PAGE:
A 25-year-old murder mystery may have been solved by someone innocently uploading their DNA to a genealogy website.
Christy Mirack was murdered on the morning of December 21, 1992.
A school teacher, she’d spent the previous evening wrapping Christmas presents for her sixth grade class at Rohrerstown Elementary School in East Lampeter, Pennsylvania.
She had bought each of her students a book, and wrapped it up with a candy cane, wishing each of them a happy Christmas. “Love, Miss Mirack,” she’d ended each note.
But Christy never got to give her students their presents. The killer struck just as she was leaving her townhouse for work.
When she didn’t show up at the school, principal Harry Goodman rang her mother, then went around to her home. He found her body. Christy had been strangled to death, and the killer had also beaten her face so badly that it was distorted. She had been sexually assaulted. She was just 25 years old.
“She was beaten in anger,” Lancaster County detective Joseph Geesey told media.
Neighbours reported seeing a car pull up opposite the townhouse. They had seen a young white man enter, and soon afterwards, had heard a scream.
The police found what they believed to be body fluids from the attacker at Christy’s home, and they took a DNA sample. But they couldn’t find a match.
Police kept working on the case. They interviewed more than 1600 people over the years.
In 2002, Christy’s mother Gerry died, never knowing who had killed her daughter. The official cause of death was cancer, but her family believed she had died of a broken heart.
"Who? Who and why?" she asked after Christy’s death.
"Was she that terrible a person that they had to kill her?"
Last December, on the 25th anniversary of Christy’s death, her brother Vince spoke to the media, saying he would never let go of the search for the killer.
“We want to keep this alive, keep it out there,” he said.
“We want people talking about it.”
He said some of Christy’s former students had stayed in touch with the family over the years.
“She was a big influence in their life. She was a very outgoing person, and the joy in her life was education.”
And then, finally, the breakthrough came.
Earlier this year, a company made a pitch to the police, offering to compare any DNA samples from unsolved cases to all publicly available DNA databases.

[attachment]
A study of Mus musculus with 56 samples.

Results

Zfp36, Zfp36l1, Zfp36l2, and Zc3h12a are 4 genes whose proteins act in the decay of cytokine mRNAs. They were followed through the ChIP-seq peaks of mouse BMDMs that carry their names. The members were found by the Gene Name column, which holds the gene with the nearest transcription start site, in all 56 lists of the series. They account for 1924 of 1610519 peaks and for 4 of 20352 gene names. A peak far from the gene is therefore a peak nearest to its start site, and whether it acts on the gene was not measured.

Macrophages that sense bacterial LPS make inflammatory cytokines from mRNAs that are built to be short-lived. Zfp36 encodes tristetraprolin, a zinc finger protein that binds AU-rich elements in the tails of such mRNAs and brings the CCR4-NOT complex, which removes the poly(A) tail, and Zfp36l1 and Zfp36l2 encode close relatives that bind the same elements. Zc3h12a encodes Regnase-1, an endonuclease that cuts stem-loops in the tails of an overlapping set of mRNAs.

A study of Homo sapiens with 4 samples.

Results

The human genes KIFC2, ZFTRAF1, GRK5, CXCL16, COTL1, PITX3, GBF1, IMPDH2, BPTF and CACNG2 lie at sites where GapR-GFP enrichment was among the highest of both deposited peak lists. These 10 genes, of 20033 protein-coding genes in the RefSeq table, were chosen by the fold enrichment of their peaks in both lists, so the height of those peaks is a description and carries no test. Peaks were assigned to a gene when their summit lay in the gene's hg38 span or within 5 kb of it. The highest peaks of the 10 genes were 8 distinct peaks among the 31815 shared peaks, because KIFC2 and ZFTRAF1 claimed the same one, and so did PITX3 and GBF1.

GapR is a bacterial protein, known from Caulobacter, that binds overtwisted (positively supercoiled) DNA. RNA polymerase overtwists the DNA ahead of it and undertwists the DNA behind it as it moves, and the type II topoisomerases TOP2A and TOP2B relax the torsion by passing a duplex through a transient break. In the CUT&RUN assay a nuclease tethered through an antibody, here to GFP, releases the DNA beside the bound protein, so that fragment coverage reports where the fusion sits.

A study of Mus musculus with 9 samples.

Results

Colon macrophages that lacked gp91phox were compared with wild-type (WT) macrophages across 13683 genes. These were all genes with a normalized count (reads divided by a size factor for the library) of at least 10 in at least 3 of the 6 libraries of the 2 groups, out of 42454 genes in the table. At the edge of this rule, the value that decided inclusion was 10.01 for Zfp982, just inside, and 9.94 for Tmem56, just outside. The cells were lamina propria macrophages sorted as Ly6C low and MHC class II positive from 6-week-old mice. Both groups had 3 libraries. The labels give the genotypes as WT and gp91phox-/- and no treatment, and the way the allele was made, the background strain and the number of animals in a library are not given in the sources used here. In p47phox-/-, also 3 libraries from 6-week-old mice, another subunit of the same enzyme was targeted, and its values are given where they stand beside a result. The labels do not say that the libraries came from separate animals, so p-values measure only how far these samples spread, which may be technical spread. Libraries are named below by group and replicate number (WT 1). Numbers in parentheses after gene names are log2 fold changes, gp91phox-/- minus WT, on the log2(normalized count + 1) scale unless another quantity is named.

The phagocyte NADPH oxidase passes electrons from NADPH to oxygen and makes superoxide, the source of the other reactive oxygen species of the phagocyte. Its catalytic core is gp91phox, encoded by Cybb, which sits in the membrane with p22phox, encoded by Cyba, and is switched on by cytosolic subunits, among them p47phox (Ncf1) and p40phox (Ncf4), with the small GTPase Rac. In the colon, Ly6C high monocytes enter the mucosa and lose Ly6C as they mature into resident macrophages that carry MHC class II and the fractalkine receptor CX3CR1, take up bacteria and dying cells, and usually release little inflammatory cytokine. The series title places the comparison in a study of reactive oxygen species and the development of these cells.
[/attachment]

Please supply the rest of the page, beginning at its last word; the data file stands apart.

The police took them up on it, and gave them the sample taken from Christy’s home. Within days, the company found someone they believed was a familial match on the genealogy website GEDmatch. That led to a relative of that person becoming a suspect: Raymond Rowe, a disc jockey who called himself DJ Freez.
At the time of Christy’s death, Rowe was 24, and living about seven kilometres from her home.
Both had lived in Lancaster, Pennsylvania, at the same time, and it was possible that they had met socially, through Rowe’s work.
The police placed Rowe under surveillance. His next DJing gig was at a party for sixth graders at a primary school. Police turned up to the party, undercover, and collected garbage, including a bottle Rowe had drunk from. More DNA testing was done.
On June 25, police arrested Rowe and charged him with criminal homicide.
Rowe had worked for decades as a DJ. His website claims he has done pre-show and after-show parties for the likes of Sting, The Eagles and Lenny Kravitz.
It also says he’s done fundraisers for charities such as “Stop The Violence” and “Women’s Abuse Shelter”.
Lancaster District Attorney Craig Stedman told media that Rowe was “not on our radar”.
Christy’s brother Vince says he’d never heard of Rowe until police called and told him they’d made an arrest.
“It’s unbelievable,” Vince told Lancaster Online.
“He lived his life the way he wanted to live his life, in the limelight. He lived right here in the city where the crime was committed.”
Vince says it was a “bittersweet moment” for him, sister Alicia and father Vincent when they heard an arrest had been made.
He believes there’s still a “long process” to go through, but says the family will be happy if Rowe is convicted of Christy’s murder.
“She’s never going to come back, but she’ll finally be at peace,” he says.